Direct & Indirect Heat Drying Systems

Compared to dehumidification, heat drying greatly increases evaporation rates and speeds the drying process.  Until recently, all heat drying systems employed indirect fired furnaces.  Now direct fired systems have entered the marketplace claiming:  “25% better fuel efficiency over indirect heating systems. 100% of the BTUs are delivered directly into the structure. There is no wasted energy – you utilize the full power of the state-of-the-art propane furnace on every job.” 

What is the difference between direct and indirect systems?  An indirect system employs a heat exchanger to separate combustion byproducts from the air being heated.  Heat from the combustion air is transferred through the heat exchanger to the fresh air.  This keeps the fresh air clean.   The heat depleted combustion air goes up the exhaust stack along with combustion byproducts such as carbon dioxide, water vapor, and small amounts of carbon monoxide and other noxious compounds.  Some heat is exhausted and this is considered “wasted” energy.  Indirect furnaces typically have an efficiency of about 80% and can burn fuel oil, diesel fuel, propane, or natural gas.  Most commonly used for water damage restoration is diesel.

Direct fired furnaces have no heat exchanger to separate combustion air from the heated air.  Fresh air is blown through an open flame where it gains heat energy.  Along with the heat energy water vapor, carbon dioxide, and small amounts of noxious compounds are also added to the fresh air and these combustion byproducts go right into the structure being dried along with the heat.  Direct fired systems must use clean burning fuels, usually propane for water damage restoration.  These systems do capture all the heat energy and are about 94% efficient.  (Some heat is lost to chemical energy.)  The combustion process creates about one gallon of water for every 100,000 BTUs of fuel burned.  A 500,000 BTU direct fired system will add almost five gallons of water to the buildings atmosphere every hour which most certainly has a negative impact on the grain load.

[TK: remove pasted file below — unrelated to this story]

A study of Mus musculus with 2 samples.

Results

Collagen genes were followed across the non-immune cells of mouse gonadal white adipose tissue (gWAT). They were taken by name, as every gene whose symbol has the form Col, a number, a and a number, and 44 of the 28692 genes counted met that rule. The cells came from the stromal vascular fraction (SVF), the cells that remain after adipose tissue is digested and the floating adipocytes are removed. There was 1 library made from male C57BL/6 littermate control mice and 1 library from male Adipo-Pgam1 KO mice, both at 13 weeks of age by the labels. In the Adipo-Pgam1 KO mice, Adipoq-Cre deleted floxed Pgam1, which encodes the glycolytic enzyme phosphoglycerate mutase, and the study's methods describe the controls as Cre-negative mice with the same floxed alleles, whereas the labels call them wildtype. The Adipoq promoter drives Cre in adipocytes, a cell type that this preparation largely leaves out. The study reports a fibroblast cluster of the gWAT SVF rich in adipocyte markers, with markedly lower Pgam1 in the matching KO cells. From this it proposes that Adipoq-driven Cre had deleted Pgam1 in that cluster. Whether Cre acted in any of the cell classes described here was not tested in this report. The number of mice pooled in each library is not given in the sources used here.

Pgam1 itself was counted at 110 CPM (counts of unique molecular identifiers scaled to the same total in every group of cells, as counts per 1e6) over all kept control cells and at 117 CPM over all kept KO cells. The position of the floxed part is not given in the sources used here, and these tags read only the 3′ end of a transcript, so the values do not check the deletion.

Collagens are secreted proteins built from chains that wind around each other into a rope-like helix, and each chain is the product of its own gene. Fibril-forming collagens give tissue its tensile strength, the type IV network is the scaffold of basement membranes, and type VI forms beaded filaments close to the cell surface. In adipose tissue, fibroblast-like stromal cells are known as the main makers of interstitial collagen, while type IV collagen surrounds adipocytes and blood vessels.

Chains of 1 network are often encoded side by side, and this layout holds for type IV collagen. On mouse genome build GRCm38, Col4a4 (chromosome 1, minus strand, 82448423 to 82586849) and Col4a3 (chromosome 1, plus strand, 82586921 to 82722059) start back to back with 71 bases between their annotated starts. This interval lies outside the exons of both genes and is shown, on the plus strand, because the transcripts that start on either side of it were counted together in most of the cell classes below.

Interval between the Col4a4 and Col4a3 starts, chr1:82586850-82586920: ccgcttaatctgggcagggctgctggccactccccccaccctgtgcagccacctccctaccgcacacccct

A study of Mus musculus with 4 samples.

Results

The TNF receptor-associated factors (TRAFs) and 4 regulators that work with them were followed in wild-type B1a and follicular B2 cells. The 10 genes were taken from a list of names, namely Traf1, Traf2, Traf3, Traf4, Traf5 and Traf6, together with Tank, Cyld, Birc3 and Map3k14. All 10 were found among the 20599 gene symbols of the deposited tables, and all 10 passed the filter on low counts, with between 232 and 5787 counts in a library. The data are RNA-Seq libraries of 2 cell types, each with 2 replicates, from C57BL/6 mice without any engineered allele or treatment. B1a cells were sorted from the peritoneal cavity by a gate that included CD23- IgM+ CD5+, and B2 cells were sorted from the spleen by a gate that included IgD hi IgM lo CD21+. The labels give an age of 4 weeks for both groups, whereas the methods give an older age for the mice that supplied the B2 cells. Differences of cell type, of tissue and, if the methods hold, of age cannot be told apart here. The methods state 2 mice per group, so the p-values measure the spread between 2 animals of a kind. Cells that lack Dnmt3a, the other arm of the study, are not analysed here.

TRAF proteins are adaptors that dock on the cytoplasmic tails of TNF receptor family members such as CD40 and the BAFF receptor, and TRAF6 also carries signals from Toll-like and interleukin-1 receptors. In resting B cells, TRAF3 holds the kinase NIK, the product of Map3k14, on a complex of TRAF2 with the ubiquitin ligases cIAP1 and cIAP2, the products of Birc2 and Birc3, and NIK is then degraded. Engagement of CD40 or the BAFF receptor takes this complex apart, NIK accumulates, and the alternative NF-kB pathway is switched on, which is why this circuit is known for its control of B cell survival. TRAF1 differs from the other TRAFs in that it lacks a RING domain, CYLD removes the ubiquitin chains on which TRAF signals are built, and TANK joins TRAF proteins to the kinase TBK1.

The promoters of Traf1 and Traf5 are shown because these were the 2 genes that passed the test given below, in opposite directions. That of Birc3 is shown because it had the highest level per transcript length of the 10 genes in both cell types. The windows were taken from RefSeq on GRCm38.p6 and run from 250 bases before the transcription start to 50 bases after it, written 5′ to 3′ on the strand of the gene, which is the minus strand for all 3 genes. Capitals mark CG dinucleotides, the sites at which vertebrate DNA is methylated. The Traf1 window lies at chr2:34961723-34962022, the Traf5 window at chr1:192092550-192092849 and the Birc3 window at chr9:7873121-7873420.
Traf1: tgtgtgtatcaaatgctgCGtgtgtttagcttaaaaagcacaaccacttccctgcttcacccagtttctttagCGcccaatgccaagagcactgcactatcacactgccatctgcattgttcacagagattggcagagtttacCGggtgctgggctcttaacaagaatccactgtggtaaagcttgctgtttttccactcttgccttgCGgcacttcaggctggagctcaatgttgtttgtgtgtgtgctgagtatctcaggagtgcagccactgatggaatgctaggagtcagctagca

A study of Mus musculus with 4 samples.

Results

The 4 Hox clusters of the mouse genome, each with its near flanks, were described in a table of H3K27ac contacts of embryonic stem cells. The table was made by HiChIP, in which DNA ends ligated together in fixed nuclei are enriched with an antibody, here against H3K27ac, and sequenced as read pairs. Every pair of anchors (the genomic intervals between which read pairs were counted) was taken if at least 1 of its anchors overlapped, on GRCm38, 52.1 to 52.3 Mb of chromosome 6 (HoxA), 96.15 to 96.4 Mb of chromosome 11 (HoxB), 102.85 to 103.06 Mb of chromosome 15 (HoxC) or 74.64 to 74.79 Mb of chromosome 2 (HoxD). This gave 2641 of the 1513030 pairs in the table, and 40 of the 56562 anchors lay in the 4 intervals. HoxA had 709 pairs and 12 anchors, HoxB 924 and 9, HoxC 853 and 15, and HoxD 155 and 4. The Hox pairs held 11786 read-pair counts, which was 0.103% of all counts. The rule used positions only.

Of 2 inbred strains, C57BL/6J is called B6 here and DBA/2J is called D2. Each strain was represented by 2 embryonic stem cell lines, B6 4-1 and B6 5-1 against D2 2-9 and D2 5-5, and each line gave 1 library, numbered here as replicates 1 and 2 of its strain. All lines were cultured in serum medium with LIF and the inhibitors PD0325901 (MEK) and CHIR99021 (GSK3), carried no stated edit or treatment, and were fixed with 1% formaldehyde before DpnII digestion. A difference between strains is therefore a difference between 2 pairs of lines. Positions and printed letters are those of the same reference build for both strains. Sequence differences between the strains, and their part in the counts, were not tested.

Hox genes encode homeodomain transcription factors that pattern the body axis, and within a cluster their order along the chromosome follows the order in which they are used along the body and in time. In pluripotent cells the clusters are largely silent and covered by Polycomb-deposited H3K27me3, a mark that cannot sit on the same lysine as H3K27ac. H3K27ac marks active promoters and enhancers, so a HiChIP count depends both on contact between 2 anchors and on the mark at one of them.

While in theory a direct fired system is more efficient than an indirect fired system, the indirect fired system actually costs considerably less to operate per delivered BTU of heat energy.  How can this be?  The propane used by the direct system costs 45% more per BTU than the diesel fuel used by most indirect systems.  This cost disadvantage more than offsets the efficiency advantage.  On top of that, the water vapor added to the air by the direct system impedes the drying process consequently it must dry at a higher temperature or take more time to dry; both of these options will cause an increase in fuel consumption.     

Bottom Line:  the direct fired system is more cost efficient and provides cleaner air than the direct fired system.